Twenty-one philosophers join forces to investigate the implications of the Jurassic Park franchise for our lives, our values, and our future. Human beings live and thrive by modifying nature, but when do the risks of changing nature outweigh the likely benefits? If it’s true that “Life will find a way,” should we view any modified or newly reconstituted life as a hazard?
The new scientific information we could gain by bringing back T. Rex or other dinosaurs is immense, including greater understanding of biology leading to immeasurable medical benefits, but should we choose to let sleeping dinosaurs lie? And if we do bring them back by reconstituting them from ancient DNA, are they really what they were, or is something missing? If life will find a way, then why isn’t the Dodo still around?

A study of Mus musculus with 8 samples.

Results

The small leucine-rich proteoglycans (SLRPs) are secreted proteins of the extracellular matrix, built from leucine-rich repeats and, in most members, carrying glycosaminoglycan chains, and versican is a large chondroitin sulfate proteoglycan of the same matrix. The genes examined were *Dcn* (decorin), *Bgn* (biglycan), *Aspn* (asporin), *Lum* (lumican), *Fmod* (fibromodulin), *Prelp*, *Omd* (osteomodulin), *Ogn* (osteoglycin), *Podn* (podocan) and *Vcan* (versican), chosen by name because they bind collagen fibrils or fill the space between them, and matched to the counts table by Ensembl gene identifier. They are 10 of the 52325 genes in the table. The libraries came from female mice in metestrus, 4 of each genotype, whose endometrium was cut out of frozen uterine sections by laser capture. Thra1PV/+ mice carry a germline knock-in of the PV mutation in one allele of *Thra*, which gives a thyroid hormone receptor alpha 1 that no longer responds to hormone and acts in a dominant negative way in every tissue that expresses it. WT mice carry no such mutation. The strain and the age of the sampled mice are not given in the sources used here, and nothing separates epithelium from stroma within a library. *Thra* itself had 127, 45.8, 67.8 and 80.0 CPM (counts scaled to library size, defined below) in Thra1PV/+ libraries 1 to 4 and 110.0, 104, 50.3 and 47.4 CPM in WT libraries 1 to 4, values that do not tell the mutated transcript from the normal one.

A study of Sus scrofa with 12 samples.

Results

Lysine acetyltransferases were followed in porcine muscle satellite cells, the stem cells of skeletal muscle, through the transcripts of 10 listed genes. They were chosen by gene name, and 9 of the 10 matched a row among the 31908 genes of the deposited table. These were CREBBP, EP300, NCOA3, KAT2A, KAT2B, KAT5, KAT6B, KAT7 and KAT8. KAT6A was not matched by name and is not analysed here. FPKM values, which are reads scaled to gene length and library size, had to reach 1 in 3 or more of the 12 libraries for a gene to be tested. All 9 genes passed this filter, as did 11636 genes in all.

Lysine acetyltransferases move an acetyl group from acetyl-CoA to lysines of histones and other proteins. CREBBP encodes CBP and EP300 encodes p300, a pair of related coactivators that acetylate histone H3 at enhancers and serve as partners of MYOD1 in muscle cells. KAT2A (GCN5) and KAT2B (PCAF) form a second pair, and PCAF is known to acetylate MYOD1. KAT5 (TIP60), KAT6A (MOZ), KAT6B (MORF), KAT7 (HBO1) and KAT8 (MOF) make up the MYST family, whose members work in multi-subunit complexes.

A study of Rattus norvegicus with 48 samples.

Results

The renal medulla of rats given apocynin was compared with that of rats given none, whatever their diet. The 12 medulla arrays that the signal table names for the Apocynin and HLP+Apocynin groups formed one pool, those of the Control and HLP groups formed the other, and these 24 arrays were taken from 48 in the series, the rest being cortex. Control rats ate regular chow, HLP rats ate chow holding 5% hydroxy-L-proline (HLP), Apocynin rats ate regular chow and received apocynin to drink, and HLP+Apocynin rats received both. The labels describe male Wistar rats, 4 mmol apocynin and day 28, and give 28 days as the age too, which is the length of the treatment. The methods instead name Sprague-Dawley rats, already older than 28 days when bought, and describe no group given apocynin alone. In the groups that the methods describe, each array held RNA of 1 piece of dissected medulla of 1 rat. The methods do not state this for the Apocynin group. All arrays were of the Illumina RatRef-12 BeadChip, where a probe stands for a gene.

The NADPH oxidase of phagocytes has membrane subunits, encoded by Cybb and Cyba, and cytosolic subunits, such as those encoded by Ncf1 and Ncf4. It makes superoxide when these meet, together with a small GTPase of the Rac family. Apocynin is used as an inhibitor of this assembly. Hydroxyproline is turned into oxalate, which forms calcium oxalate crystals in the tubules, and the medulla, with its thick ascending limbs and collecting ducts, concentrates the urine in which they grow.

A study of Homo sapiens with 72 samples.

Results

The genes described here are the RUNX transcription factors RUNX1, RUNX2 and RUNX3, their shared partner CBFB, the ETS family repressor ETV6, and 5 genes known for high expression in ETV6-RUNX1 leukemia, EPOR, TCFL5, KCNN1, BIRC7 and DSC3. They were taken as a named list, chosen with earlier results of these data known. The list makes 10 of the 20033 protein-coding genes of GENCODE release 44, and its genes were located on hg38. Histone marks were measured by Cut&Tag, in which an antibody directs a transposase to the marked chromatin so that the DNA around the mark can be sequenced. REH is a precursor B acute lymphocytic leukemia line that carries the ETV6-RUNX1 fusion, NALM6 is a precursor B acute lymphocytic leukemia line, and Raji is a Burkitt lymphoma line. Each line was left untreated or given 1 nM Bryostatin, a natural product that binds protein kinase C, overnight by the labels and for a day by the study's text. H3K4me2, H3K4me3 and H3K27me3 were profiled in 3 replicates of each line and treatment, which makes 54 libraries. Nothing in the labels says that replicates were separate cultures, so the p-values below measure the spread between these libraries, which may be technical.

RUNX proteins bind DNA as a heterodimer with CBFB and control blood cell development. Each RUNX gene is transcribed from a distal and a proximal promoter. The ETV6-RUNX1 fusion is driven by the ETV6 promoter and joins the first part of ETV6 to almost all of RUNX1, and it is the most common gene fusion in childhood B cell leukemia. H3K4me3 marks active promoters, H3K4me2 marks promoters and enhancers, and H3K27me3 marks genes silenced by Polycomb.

How close are we, as a matter of fact, to achieving Jurassic Park? Are we really likely to see reconstituted dinosaurs or other ancient species in the near future? How do the different forces—human curiosity, profitability, and philanthropy—interact to determine what actually happens in such cases? What moral standards should be applied to those who try to bring back lost worlds? If velociraptors could talk, what would they tell us?
The idea of bringing back the dead and the powerful is not limited to biological species. It also applies to bringing back old gods, old philosophies, old institutions, and old myths. If revived and once again let loose to walk the Earth, these too may turn out to be more dangerous than we bargained for.